Sunday, July 8, 2012

The Adventures of Tintin

When I think of the action sequences in Steven Spielberg's Raiders of the Lost Ark or Minority Report, I'm reminded of how well thought out, clever, and ultimately artful they are. The truck chase in Raiders is a perfect example. It's thrilling, suspenseful, and keeps you guessing as to what will happen next. That is something that I love about Spielberg though, how you can just group the genres of his movies and still recognize his influence throughout. Whether it be his sci-fi films like Close Encounters or E.T. or historical dramas like Schindler's List or Munich, you know you are watching Spielberg, but you are almost within a sub-set of the man's many different talented approaches to tackling a variety of material. His first animated film, The Adventures of Tintin, falls right in and fits nicely next to Raiders, and I'm the umpteenth person to connect Indiana Jones and Tintin the reporter since 1981.

I'm a comic book nut so I've read Tintin by Herge, but in a much different manner than most. I read it like I read most older comics. I was looking to see how they influenced the Marvel/DC/indy writers and artists of recent years. I still greatly appreciated it as a work of comicbookdom that sort of made a connection between what has been the strips of the funny pages to the type of stories Stan Lee would tell. So with Spielberg's adaptation being animated, the first thing I was most inclined to take note of was the look. I found the animation to be beautiful especially in how the locales popped with their various color schemes. Perhaps purists might be a little put off, but I felt like Spielberg and co. captured what was more important to me- the "feel" as opposed to the "look" and it just happened that they chose to use motion capture to do so. I found myself comparing it to how even if Raimi's Spider-Man is for all intents and purposes his interpretation of Spider-Man, he at least captured the feeling that the drawings of Steve Ditko, Todd MacFarlane, John Romita Jr., Mark Bagley, and others had hoped to invoke. An obvious example would be Robert Rodriguez literally lifting the image off the page for his version of Frank Miller's Sin City.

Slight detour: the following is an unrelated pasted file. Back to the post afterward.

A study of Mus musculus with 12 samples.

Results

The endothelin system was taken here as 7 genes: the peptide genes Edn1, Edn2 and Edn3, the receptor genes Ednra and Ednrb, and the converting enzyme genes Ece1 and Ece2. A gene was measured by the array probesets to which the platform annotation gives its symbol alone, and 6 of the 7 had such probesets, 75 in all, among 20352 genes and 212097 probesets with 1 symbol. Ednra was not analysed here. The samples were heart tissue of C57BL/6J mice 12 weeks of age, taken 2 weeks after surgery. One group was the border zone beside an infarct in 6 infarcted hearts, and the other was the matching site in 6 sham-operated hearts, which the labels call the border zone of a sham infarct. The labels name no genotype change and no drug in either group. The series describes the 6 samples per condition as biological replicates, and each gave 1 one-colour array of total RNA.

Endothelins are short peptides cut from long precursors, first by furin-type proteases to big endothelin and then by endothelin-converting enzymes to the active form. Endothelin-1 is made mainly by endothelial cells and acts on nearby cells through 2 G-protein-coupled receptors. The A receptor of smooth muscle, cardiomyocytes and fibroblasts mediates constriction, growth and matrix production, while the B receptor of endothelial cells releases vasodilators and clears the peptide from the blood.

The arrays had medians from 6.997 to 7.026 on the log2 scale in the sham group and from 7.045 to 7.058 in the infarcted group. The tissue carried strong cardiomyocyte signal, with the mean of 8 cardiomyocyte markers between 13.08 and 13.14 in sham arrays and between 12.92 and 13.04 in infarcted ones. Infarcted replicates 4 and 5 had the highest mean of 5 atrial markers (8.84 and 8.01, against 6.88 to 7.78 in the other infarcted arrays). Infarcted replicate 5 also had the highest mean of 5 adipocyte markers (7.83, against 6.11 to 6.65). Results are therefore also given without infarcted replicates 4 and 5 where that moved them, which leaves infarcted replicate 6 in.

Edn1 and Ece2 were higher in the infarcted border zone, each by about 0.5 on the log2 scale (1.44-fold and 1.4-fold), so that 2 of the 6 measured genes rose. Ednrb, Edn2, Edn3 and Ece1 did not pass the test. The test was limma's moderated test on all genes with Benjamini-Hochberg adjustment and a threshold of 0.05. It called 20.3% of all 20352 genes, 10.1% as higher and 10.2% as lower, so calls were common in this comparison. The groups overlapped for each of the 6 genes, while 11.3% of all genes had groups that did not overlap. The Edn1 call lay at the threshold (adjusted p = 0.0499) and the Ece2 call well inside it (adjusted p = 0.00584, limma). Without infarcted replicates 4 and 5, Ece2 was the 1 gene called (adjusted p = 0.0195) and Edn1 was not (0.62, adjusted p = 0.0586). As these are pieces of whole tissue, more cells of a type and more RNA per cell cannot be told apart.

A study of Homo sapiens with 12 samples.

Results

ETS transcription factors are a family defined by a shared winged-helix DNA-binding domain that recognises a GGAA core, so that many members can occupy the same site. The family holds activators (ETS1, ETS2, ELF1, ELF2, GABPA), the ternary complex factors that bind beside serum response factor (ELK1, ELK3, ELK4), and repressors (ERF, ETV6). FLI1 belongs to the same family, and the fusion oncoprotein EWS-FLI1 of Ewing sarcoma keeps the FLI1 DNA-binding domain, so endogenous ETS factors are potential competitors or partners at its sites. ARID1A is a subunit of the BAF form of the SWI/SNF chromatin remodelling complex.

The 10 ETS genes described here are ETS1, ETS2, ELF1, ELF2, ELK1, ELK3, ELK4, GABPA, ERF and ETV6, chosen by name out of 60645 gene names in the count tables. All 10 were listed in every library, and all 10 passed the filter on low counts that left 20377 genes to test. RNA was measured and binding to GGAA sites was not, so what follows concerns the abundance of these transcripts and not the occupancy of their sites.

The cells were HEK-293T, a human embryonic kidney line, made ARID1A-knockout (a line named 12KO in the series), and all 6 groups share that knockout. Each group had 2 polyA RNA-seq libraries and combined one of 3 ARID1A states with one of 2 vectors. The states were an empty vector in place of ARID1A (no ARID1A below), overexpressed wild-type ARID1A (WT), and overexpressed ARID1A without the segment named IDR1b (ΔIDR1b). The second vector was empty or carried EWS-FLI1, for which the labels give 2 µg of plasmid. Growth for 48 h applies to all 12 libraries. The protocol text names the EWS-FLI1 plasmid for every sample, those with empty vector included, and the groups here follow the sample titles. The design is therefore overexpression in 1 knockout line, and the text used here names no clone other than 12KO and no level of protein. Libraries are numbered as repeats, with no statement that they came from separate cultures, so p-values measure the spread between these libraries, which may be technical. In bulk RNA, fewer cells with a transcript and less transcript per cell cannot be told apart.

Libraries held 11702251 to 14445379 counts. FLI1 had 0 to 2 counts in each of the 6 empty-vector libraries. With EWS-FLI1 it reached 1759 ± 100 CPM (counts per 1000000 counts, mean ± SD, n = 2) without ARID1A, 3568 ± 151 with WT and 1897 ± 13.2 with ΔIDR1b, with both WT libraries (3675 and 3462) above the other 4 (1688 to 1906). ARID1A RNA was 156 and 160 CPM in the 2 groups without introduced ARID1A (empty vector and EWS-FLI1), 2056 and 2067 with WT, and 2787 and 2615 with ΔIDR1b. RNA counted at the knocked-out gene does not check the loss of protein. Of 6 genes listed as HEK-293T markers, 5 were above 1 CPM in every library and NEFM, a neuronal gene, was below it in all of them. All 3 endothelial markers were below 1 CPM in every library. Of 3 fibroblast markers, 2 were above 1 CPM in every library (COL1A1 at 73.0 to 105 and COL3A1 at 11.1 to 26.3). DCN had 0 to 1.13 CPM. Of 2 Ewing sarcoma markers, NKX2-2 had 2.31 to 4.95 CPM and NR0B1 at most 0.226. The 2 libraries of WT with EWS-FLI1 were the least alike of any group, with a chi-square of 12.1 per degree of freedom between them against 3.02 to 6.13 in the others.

Enough of my nerd-enhanced rantings. I enjoyed the affect the mo-cap had. All of this "uncanny valley" talk doesn't bother me in the same way that I don't stand up and question why a character in a Pixar movie is not anatomically correct. Similar films from Zemeckis like The Polar Express or A Christmas Carol have a certain disquieting (for lack of a better word) characteristic to them because of the animation style and Tintin does as well (and of course there is debate over whether motion capture is in fact worthy of being mentioned in an Oscar for animated films category, but I'll just use the word "animation" until the endless debates come up with a verdict).

All-in-all, Tintin was a lot of fun, a pleasant surprise, and full of all the great things I love about these types of movies whether they feature actors in a green bodysuit or not- a noble hero, exotic lands, crazy villains, and non-stop action scenes with guns, knives, and fists all taking place on, in, or around different forms of transportation vehicles. The dogs from Beginners and The Artist also now have some competition for 2011's most charming portrayal of a canine.